You are already using calculus when you are performing gradient search in the first place. At some point, you have to stop calculating derivatives and start descending! :-)

In all seriousness, though: what you are describing is exact line search. That is, you actually want to find the minimizing value of $\gamma$, $$\gamma_{\text{best}} = \mathop{\textrm{arg min}}_\gamma F(a+\gamma v), \quad v = -\nabla F(a).$$ It is a very rare, and probably manufactured, case that allows you to efficiently compute $\gamma_{\text{best}}$ analytically. It is far more likely that you will have to perform some sort of gradient or Newton descent on $\gamma$ itself to find $\gamma_{\text{best}}$.

The problem is, if you do the math on this, you will end up having to compute the gradient $\nabla F$ at every iteration of this line search. After all: $$\frac{d}{d\gamma} F(a+\gamma v) = \langle \nabla F(a+\gamma v), v \rangle$$ Look carefully: the gradient $\nabla F$ has to be evaluated at each value of $\gamma$ you try.

That's an inefficient use of what is likely to be the most expensive computation in your algorithm! If you're computing the gradient anyway, the best thing to do is use it to move in the direction it tells you to move---not stay stuck along a line.

What you want in practice is a cheap way to compute an acceptable $\gamma$. The common way to do this is a backtracking line search. With this strategy, you start with an initial step size $\gamma$---usually a small increase on the last step size you settled on. Then you check to see if that point $a+\gamma v$ is of good quality. A common test is the Armijo-Goldstein condition $$F(a+\gamma v) \leq F(a) - c \gamma \|\nabla F(a)\|_2^2$$ for some $c<1$. If the step passes this test, go ahead and take it---don't waste any time trying to tweak your step size further. If the step is too large---for instance, if $F(a+\gamma v)>F(a)$---then this test will fail, and you should cut your step size down (say, in half) and try again.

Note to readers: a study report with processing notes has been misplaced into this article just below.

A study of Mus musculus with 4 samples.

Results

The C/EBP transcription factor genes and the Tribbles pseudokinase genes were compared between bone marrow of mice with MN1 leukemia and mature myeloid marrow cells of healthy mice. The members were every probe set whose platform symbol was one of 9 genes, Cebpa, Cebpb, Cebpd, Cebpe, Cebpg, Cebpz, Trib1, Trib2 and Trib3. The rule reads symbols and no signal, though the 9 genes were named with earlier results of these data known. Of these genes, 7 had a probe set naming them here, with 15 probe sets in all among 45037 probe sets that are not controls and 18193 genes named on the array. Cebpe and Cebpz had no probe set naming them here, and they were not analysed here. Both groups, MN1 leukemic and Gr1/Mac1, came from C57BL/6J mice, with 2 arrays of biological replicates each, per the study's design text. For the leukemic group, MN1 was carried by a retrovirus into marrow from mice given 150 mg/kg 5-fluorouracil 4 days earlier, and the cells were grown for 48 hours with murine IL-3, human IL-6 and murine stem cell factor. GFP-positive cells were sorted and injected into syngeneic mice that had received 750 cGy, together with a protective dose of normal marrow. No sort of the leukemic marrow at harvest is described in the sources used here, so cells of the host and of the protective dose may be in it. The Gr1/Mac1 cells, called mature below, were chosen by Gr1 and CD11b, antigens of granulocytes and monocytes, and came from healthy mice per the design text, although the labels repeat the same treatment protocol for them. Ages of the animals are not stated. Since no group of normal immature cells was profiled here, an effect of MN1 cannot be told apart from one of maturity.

This is generally a lot cheaper than doing an exact line search.

I have encountered a couple of specific cases where an exact line search could be computed more cheaply than what is described above. This involved constructing a simplified formula for $F(a+\gamma v)$ , allowing the derivatives $\tfrac{d}{d\gamma}F(a+\gamma v)$ to be computed more cheaply than the full gradient $\nabla F$. One specific instance is when computing the analytic center of a linear matrix inequality. But even in that case, it was generally better overall to just do backtracking.

What exactly is meant by $\|\nabla F(a)\|_2^2$ ? – user314782 Feb 17 at 0:48

Not your question, but an adaptive step size can beat a constant $\gamma$, and a $\gamma_i$ per component can beat a single $\gamma$ for all components. See RmsProp ,
and Zeiler, ADADELTA: An adaptive learning rate method, 2012, 6p.
But be careful with recursive / IIR filters !

@Lindon, "Per-dimension first order methods" in Zeiler's paper; also Notes on AdaGrad by C. Dyer (CMU), 2011, 3p. Could you describe your problem, or point to similar problems on the web ? – denis Feb 22 '15 at 14:18

There is a good discussion of this in chapter 10 of Numerical Recipes. Old versions are free online.

You are right that if you have $F$ in a simple enough form, you can minimize over $\gamma$ by calculus. You might even be able to find the minimum directly, without iteration. Often you don't have it in that form. $x$ and $\bigtriangledown F(x)$ are both vectors and it may not be feasible to compute $\bigtriangledown F(x)$ analytically but you can search for a minimum.

What it means to perform a line search is hidden in the symbolism. The value of $G(\gamma)$ is precisely the value of $F$ along a line from the current point $x$ in the direction $\bigtriangledown F(x)$. It should remind you of a parameterized line in three dimensions: a point plus a variable times a direction vector. The reason you do this is because this is the best point along that line. You expect that the value will decrease along that direction (because you have chosen the gradient, which is the direction of greatest decrease) but if you go too far it will start to increase again. Why not stop at the bottom of the valley and try again?

Some of the methods in Numerical Recipes don't need any computations of the gradient at all. They come up with directions to minimize over in other ways.